The word of the late seems to be “ban.” Ban plastic bags. Ban Styrofoam. Ban trans fats.
There are obvious good reasons for wanting to do away with products that can wreak havoc on the environment, be harmful for human health, or both. Bans also shows a public commitment to making a difference. And c’mon folks. Bringing your own bags to the grocery store isn’t rocket science.
But does forbidding the use of something actually solve the problem? Not to be a Debbie Downer but it seems to be more complicated than that.
Julie Upton in US News and World Report – Health outlines a number of studies that suggest food and beverage bans are good in theory but not necessarily in practice. One by the University of Vermont found that a ban on plastic water bottles actually increased bottle usage from 21.8 bottles per person to 26.3 per person. And worse yet, people switched from drinking water to unhealthy sodas and sugary fruit drinks.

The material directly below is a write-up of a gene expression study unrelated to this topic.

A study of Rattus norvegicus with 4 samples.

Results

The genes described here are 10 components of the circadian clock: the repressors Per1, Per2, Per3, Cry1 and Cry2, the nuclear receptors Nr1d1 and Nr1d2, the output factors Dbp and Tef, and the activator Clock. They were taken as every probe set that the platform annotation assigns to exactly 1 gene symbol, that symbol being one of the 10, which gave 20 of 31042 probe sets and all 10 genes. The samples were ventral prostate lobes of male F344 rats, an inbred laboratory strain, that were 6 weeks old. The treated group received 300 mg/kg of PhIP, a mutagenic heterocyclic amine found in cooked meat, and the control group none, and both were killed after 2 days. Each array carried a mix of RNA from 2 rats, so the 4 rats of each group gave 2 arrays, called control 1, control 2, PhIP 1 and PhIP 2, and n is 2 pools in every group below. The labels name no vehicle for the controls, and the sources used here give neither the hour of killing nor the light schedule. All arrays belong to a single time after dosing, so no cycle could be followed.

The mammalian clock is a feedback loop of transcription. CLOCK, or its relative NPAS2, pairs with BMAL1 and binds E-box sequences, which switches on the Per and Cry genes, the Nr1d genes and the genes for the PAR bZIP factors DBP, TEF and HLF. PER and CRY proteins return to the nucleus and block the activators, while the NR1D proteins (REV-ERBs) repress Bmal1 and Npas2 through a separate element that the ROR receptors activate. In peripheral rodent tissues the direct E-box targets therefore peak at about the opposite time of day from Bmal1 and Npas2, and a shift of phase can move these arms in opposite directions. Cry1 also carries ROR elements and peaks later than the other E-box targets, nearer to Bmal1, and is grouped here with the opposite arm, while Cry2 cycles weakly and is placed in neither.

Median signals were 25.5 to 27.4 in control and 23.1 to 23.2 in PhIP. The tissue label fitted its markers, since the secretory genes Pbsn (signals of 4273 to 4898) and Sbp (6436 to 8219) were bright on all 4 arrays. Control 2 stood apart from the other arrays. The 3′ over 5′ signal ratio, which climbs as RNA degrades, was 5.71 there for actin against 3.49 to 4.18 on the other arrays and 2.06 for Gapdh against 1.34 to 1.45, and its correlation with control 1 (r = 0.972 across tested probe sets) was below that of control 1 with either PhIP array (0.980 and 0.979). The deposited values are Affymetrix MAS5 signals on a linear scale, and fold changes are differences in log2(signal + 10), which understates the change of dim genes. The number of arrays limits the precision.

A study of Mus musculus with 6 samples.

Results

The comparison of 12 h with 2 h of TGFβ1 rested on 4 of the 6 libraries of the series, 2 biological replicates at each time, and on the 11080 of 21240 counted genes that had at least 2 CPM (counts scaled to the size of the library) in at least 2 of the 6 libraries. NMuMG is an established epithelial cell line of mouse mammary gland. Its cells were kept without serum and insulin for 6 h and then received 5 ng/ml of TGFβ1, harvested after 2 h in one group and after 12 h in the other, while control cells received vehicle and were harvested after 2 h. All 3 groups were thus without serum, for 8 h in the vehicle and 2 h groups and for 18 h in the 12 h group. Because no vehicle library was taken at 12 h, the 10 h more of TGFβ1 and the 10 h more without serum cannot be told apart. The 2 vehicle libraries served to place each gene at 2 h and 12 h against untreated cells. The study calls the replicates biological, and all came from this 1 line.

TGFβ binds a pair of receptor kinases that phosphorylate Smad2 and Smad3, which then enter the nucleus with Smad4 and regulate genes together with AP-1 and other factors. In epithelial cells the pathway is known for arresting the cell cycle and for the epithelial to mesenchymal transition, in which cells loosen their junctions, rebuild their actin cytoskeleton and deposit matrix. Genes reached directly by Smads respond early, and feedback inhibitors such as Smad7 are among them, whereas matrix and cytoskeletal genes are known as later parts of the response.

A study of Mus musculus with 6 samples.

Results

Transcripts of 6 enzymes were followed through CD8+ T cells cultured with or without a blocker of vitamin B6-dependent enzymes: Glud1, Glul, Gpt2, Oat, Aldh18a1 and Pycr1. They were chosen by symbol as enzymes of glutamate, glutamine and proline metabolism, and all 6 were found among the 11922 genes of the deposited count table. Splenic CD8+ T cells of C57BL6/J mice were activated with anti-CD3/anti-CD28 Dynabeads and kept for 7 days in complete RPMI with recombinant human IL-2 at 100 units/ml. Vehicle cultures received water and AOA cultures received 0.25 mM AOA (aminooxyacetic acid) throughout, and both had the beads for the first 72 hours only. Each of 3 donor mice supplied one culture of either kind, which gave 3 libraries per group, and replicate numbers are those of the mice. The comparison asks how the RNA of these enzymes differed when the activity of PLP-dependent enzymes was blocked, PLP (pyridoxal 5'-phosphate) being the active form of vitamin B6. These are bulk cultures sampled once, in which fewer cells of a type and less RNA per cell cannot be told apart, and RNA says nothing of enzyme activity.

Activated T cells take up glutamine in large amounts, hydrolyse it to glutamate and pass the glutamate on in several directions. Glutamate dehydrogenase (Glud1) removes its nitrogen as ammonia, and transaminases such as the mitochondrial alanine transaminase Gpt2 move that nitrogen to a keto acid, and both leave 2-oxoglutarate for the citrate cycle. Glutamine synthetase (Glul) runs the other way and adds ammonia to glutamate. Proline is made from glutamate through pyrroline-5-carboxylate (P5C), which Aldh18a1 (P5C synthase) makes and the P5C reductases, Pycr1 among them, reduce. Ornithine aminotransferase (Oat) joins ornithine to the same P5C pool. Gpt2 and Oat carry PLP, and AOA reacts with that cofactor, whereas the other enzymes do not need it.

And in the case of banning artery-clogging trans fats – specifically partially hydrogenated oils – people are already forecasting that food companies will get around this Food and Drug Administration rule by replacing them with equally unhealthy fats such as interesterified oils. Or, they’ll likely turn to alternatives such as harvesting palm oil which leads to mass deforestation and devastating impacts on wildlife in countries such as Indonesia, Borneo and Sumatra.
Of course outcomes will vary for each case. Perhaps banning Styrofoam would be effective if people replaced a bad habit with a good habit. Maybe there would be a requirement or incentives to use compostable or recycled materials, or items made from renewables for everything from takeout containers to packing peanuts. Or crazier yet, perhaps people could just use less in general.
What do you think of all the buzz about bans lately? To what extent are bans helpful?
Read more from the SustainFOODability blog from Left Coast Naturals.